Can anyone explain what the difference between 'hard maple' and 'soft maple' is?

  • #2
    Re: Maple I.D.

    My experience with hard and soft maple is I find that most maple's that are natural wild maples some people call them sugar or rock maple are far harder or dense than the maples we know in this part of the country as Manitoba maples that are quite soft in comparison. I just finished a carving in a natural maple and it was one of he hardest woods I have encoutered.
    Colin

      Re: Maple I.D.

      Here's what I know -

      Hard Maple (Sugar maple and Black Maple) grows in North Central U.S. and Central Canada (and probably a lot of other places through propagation). Is softer than Hickory and Pecan, but harder than White Oak. I have done sylized carvings in this wood and they finished beautifully. Actually should call them raspings instead of carvings as I found rasps worked the wood more easilly than carving tools.

      Soft Maple (Red Maple, Silver Maple, Box Elder) grows predominately on the East Coast of the U.S. But through propagation as an ornamental is can be found almost anywhere. Just a little softer than Black Walnut. Haven't done any carving in this wood. We used to make maple syrup out of Box Elder Sap. Not as good as the real thing, but you go with what you got.

        Re: Maple I.D.

        Thanks for the replys! I'm a landscape architect and can give the common and botanical name for most maples from Michigan to Florida...but it was never explained about 'Soft' & 'Hard'. I've never carved Maple and from the advice, sounds like this amature should stay away from it.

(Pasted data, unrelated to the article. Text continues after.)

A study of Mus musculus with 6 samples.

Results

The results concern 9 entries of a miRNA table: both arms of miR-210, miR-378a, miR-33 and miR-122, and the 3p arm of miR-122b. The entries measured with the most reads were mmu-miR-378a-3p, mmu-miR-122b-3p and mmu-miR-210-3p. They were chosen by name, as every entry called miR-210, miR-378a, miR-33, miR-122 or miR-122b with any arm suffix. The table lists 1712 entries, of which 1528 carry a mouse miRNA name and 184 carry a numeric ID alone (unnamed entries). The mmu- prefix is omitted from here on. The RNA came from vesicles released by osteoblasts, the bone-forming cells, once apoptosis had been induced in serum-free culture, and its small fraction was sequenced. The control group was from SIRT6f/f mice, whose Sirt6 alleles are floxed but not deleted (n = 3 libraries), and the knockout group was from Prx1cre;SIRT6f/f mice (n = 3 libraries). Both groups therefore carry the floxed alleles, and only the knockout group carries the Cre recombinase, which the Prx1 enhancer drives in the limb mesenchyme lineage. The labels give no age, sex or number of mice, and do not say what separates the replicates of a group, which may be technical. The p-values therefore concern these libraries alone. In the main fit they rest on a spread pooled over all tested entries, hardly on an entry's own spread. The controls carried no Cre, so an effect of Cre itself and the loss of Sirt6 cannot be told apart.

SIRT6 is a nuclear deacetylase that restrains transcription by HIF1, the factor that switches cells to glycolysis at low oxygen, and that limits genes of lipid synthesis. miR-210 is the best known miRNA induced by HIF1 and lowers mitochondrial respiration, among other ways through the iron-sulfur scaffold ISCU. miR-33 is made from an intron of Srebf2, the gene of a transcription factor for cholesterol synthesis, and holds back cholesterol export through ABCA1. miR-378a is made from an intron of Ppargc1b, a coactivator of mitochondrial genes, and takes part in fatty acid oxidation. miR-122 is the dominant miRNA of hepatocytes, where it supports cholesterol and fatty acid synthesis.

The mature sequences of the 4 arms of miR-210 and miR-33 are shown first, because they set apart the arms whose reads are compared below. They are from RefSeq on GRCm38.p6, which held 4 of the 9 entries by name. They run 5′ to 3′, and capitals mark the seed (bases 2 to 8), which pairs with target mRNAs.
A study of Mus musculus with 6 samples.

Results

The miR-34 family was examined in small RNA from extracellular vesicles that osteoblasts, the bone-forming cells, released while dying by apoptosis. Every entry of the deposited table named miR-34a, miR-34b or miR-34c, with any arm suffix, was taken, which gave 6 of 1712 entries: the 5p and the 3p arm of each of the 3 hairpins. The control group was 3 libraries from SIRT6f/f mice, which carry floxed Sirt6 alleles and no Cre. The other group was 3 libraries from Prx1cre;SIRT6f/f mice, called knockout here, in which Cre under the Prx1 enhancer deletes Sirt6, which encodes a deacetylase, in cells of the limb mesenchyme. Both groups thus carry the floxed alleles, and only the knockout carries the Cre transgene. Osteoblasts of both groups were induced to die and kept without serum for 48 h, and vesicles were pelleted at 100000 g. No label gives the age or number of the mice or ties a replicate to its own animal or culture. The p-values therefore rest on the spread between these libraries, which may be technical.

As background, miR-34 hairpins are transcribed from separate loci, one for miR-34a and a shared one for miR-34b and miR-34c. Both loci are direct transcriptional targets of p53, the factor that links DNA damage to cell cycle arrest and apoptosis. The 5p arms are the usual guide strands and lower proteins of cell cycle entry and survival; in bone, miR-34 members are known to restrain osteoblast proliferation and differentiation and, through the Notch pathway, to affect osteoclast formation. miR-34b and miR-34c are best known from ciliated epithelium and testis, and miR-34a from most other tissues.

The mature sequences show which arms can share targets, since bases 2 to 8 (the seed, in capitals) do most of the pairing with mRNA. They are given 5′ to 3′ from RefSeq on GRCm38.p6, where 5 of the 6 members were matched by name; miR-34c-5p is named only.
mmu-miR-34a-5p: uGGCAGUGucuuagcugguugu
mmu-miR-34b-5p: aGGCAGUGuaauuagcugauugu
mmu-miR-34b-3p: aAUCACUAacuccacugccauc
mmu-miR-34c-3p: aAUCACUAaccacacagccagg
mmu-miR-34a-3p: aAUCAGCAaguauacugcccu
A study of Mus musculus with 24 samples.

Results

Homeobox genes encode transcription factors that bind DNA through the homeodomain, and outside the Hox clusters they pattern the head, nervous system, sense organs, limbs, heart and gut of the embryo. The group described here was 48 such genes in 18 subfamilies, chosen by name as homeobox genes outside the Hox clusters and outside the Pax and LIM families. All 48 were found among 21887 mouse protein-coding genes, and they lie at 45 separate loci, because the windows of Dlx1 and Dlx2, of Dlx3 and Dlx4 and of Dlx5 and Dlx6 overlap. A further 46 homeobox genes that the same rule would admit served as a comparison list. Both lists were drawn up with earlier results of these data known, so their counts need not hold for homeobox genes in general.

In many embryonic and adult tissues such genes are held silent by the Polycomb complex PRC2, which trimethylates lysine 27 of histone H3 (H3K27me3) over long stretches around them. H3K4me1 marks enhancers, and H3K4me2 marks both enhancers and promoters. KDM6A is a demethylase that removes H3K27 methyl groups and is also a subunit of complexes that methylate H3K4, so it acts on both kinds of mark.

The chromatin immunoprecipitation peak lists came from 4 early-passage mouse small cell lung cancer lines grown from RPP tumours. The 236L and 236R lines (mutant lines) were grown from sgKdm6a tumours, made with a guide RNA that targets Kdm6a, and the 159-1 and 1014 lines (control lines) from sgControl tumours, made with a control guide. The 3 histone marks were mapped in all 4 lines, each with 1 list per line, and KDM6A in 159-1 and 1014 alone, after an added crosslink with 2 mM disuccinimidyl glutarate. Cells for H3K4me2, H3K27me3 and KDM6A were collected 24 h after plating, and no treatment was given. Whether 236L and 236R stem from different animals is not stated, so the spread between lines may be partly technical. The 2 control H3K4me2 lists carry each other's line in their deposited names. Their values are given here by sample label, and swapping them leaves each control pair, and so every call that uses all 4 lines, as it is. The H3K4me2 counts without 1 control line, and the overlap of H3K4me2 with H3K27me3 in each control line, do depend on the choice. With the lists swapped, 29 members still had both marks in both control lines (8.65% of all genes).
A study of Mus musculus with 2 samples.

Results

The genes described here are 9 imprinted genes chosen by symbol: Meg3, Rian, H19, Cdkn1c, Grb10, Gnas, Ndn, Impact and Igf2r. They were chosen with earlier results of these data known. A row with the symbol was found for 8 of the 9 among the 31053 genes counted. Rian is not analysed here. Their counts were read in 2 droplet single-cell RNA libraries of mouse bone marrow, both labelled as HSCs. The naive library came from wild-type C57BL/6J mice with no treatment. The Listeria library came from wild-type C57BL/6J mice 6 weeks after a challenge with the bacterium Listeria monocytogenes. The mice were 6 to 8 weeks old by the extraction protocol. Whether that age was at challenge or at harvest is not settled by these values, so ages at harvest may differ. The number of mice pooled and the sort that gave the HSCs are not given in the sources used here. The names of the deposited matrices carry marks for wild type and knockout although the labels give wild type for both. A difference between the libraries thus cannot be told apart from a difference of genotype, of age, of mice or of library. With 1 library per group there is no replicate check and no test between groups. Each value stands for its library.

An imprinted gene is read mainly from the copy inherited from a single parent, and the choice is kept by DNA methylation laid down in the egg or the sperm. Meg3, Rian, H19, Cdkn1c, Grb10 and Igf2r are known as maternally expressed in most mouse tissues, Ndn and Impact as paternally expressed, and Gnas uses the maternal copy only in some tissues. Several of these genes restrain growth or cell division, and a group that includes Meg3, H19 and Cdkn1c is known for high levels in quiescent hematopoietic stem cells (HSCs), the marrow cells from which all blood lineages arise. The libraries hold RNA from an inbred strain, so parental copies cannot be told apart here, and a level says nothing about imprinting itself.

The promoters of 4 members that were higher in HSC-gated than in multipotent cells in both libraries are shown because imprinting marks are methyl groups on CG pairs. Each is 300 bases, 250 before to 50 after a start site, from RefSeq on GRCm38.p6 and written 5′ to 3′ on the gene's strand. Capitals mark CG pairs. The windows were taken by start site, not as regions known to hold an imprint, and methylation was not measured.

I do mostly walking sticks with woodspirits. Usually carve Dimond Willow or Basswood...both easily available. I did carve one hickory, had more trouble with the fussies then hardness. Took lots of sanding with 1500 grit.
        I'm lucky to have a summer home in Michigan's upper peninsula and a winter home in Georgia. Sticks from a variey of wood are easily available for me.

          Re: Maple I.D.

          Where are you in the summer? We live in Bessemer, on the west end! Are you a native 'Yooper' who heads south or a summer transplant? don't be afraid to try carving maple. We have some pretty spectacyular figured maple. I've done some fish in birdseye and tiger maple and a few smaller pieces for bolo ties. The wood id hard to work, but really pretty.

          Al

            Re: Maple I.D.

            I'll second AlArchie - just take your time and you'll love the results ... restocked a rifle in birdseye maple, took awhile, but absolutely love it ... a bit heavy though.